Alf Bottoms

Alfred John Herbert Bottoms was born in Kensington, London in June 1918. Immediately  after the war, he began speedway competition, racing for Rye House in 1945. For 1946 he signed for Wembley and was a member of the Wembley Lions championship winning team. He did not race much in 1947 and joined the Southampton team as captain for the 1948 season helping them to win promotion. In 1949 he returned to Wembley and quit at the end of 1949.

1950 saw Alf enter the Formula Three circuit racing with his JBS-Norton in a team run by his father and brother, Charlie. J.B.S. standing for James Bottoms and sons. The J.B.S. was developed from the Cowlan Special of Coward and Lang. It was highly competitive and looked set to present a consistent challenge to the Coopers. Alf gave notice at the Goodwood Easter meeting, finishing third against experienced opposition.

In July 1950 Alf won the Première Coupe des Racers 500 at raced at Rheims in hot conditions, "Curly" Dryden took the lead but was soon passed by Alf. By the fourth lap Alf had begun to open a gap on the main pack of cars, though he was still closely followed by Åke Jönsson's Effyh. On the fifth lap Bottoms had 2.3 seconds over Jönsson. Dryden, the next driver, however was already half a minute behind the leader.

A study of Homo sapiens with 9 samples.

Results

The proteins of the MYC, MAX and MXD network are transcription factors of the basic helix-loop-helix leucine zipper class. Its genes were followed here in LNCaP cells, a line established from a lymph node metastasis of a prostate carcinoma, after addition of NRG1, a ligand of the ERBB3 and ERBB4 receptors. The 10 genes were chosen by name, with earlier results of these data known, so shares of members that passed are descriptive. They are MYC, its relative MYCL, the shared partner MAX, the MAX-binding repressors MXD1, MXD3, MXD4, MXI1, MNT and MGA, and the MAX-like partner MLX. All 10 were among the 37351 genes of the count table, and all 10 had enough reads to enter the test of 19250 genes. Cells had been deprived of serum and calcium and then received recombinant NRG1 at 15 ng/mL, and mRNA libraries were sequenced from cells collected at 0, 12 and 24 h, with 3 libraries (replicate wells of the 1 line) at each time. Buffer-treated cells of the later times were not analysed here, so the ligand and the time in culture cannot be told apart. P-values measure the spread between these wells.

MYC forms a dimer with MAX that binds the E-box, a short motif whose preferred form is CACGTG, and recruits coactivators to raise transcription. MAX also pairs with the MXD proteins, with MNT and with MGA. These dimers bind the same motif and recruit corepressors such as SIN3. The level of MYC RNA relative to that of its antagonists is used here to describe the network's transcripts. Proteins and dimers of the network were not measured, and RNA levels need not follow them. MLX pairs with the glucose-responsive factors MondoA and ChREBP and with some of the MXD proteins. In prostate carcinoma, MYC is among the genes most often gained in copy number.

The Coopers of Stirling Moss, Harry Schell and Raymond Sommer all struggled in the high temperatures. By lap seven his lead was up to seven seconds and two laps later it was 21 seconds!

 

 

Alf's signature courtesy Anthony Taylor

Pressing on at an amazing speed he won the thirteen-lap event by more than forty-seven seconds over Jönsson. Only three of the twenty four starters finished on the same lap. Moss, in a lightweight Cooper JAP, was one of the ones to finish a lap down in sixth place. It was Alf's finest race.

He also took a wins at Blandford in May from Peter Collins and Alan Brown, a Brands in the non production car race in June and a third place at Silverstone in August. In September, Alf won the Open Challenge race at Brands Hatch as well as the non production race.

In Alf's hands the JBS was becoming a credible rival to even the fastest Coopers, Alf winning the Earl of March Trophy in March 1951, beating Curly Dryden, also in a JBS. On 3rd May 1951 at the Grand Prix de Luxembourg, held on the Finden street circuit located beside Luxemburg airport, Alf's throttle stuck open during practice, he crashed and was killed instantly.